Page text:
Levels of trust in civil servants has doubled since 1983

Public trust in civil servants is at an all-time high, says new survey

By Sarah.Aston

16 Jan 2015

The number of British people who say they trust civil servants to tell the truth has more than doubled since 1983, a new survey by Ipsos MORI has revealed.

According to the organisation – which has conducted the survey annually since 1983 –  55% of the British public trust civil servants to tell the truth compared to the 25% that said they trusted officials in 1983.

The survey is based on the responses of 1,116 adults across Britain who were asked whether they trust key professions – doctors, teachers, scientists, clergy/priests, the police, civil servants, journalists and politicians generally – to tell the truth.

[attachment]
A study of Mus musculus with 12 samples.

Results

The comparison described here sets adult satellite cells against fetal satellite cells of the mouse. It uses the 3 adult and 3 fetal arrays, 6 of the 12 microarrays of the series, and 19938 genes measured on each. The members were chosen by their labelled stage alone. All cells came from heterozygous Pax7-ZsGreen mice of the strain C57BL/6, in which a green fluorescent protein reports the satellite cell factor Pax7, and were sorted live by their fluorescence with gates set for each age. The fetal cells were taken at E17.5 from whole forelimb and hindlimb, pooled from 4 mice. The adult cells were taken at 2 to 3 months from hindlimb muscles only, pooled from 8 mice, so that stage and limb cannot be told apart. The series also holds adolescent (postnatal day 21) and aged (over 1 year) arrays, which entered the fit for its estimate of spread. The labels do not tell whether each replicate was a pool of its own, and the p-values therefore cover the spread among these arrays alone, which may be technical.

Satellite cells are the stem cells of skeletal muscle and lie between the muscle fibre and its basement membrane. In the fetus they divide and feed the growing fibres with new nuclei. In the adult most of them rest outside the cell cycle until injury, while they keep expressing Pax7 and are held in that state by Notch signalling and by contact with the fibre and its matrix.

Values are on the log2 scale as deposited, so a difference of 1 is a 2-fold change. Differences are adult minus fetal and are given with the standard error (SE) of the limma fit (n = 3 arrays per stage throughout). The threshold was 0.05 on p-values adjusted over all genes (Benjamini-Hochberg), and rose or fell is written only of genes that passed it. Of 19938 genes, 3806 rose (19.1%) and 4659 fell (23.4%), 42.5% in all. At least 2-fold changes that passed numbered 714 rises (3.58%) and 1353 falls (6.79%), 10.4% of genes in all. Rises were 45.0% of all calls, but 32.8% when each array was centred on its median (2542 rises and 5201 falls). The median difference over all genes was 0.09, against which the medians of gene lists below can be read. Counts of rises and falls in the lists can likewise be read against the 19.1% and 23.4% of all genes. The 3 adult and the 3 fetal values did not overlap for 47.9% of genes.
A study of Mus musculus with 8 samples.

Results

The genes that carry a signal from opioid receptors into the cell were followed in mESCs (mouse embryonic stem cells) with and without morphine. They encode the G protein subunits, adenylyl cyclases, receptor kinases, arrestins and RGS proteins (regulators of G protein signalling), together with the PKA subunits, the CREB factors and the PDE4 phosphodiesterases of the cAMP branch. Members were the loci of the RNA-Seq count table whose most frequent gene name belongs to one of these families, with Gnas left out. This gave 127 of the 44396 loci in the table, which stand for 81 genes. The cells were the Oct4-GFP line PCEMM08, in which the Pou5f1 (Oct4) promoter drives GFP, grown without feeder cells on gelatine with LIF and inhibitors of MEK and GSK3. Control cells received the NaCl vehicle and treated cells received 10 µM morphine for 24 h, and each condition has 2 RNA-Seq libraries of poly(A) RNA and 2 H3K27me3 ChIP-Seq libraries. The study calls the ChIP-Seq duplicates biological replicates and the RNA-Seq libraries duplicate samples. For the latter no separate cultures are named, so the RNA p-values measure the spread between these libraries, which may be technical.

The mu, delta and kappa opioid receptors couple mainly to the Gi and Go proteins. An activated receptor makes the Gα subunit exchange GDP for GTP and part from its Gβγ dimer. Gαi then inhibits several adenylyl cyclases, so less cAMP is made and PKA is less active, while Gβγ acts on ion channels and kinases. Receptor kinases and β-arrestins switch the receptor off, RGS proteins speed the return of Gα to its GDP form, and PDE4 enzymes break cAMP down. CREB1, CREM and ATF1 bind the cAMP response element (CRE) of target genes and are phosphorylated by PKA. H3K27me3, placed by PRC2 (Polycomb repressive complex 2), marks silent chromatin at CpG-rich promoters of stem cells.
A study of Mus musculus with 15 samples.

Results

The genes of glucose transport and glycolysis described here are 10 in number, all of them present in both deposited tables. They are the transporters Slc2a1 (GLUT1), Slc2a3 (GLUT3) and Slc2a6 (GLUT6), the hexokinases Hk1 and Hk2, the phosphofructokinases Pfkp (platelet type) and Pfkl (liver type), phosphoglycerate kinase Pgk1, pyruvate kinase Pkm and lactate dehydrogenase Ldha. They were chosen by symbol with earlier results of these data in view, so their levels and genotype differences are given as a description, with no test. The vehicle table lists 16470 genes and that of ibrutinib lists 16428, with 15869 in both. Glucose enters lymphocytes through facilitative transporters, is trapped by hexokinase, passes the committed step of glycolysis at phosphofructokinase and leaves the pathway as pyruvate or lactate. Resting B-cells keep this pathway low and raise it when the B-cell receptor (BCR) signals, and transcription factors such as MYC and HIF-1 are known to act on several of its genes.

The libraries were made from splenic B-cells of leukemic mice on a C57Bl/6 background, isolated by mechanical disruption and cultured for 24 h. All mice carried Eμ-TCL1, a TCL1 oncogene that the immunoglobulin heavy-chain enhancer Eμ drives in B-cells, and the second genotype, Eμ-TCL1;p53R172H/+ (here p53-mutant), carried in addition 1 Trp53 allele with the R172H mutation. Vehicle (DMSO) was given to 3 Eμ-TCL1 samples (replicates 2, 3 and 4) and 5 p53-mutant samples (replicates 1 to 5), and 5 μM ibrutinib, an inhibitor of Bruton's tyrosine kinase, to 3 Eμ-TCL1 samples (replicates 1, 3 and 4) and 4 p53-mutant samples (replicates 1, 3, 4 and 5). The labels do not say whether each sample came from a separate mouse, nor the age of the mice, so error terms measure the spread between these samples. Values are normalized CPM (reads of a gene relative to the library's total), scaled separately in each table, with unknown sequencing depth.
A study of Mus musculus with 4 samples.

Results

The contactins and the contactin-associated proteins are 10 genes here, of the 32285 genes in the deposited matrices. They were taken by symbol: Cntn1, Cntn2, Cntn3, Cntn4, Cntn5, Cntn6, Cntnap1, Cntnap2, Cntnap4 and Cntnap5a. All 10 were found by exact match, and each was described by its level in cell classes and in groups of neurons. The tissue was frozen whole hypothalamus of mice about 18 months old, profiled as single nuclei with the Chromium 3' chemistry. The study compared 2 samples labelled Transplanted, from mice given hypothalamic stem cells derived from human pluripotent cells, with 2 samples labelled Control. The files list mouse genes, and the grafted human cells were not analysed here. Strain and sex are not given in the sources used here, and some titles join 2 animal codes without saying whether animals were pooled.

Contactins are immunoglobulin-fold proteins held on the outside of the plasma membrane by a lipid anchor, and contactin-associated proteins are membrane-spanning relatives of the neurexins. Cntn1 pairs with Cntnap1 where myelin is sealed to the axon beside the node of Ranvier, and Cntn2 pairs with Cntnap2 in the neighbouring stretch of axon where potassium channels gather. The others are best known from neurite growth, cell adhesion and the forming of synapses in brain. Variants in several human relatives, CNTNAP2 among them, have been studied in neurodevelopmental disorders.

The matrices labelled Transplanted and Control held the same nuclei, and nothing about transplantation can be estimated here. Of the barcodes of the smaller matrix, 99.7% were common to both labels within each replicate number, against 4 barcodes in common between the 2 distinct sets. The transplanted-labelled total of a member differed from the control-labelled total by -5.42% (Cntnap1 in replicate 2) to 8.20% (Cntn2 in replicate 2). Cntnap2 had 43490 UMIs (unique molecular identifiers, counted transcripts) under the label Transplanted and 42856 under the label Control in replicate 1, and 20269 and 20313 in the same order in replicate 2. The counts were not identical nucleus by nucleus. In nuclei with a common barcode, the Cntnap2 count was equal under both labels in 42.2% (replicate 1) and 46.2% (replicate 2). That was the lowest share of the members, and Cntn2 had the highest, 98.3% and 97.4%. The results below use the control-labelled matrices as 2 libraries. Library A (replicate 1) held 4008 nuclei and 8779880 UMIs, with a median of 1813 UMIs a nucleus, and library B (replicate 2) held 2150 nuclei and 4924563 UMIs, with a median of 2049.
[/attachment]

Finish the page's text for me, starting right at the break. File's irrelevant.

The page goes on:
Bobby Duffy, director of the Social Research Institute at Ipsos MORI said: “This long-running study shows that trust levels are not fixed, and do shift as the context changes – which is seen particularly in the increasing trust in scientists and civil servants and decreasing trust in the clergy. ”

The results of the survey were welcomed by cabinet secretary, Sir Jeremy Heywood.

He said in a blog: “This is encouraging – particularly when trust in other institutions has been declining – but further increases in public trust and confidence depend on our delivering on our reform priorities, which will help to deliver consistently excellent public services and a modern, efficient and highly skilled civil service.”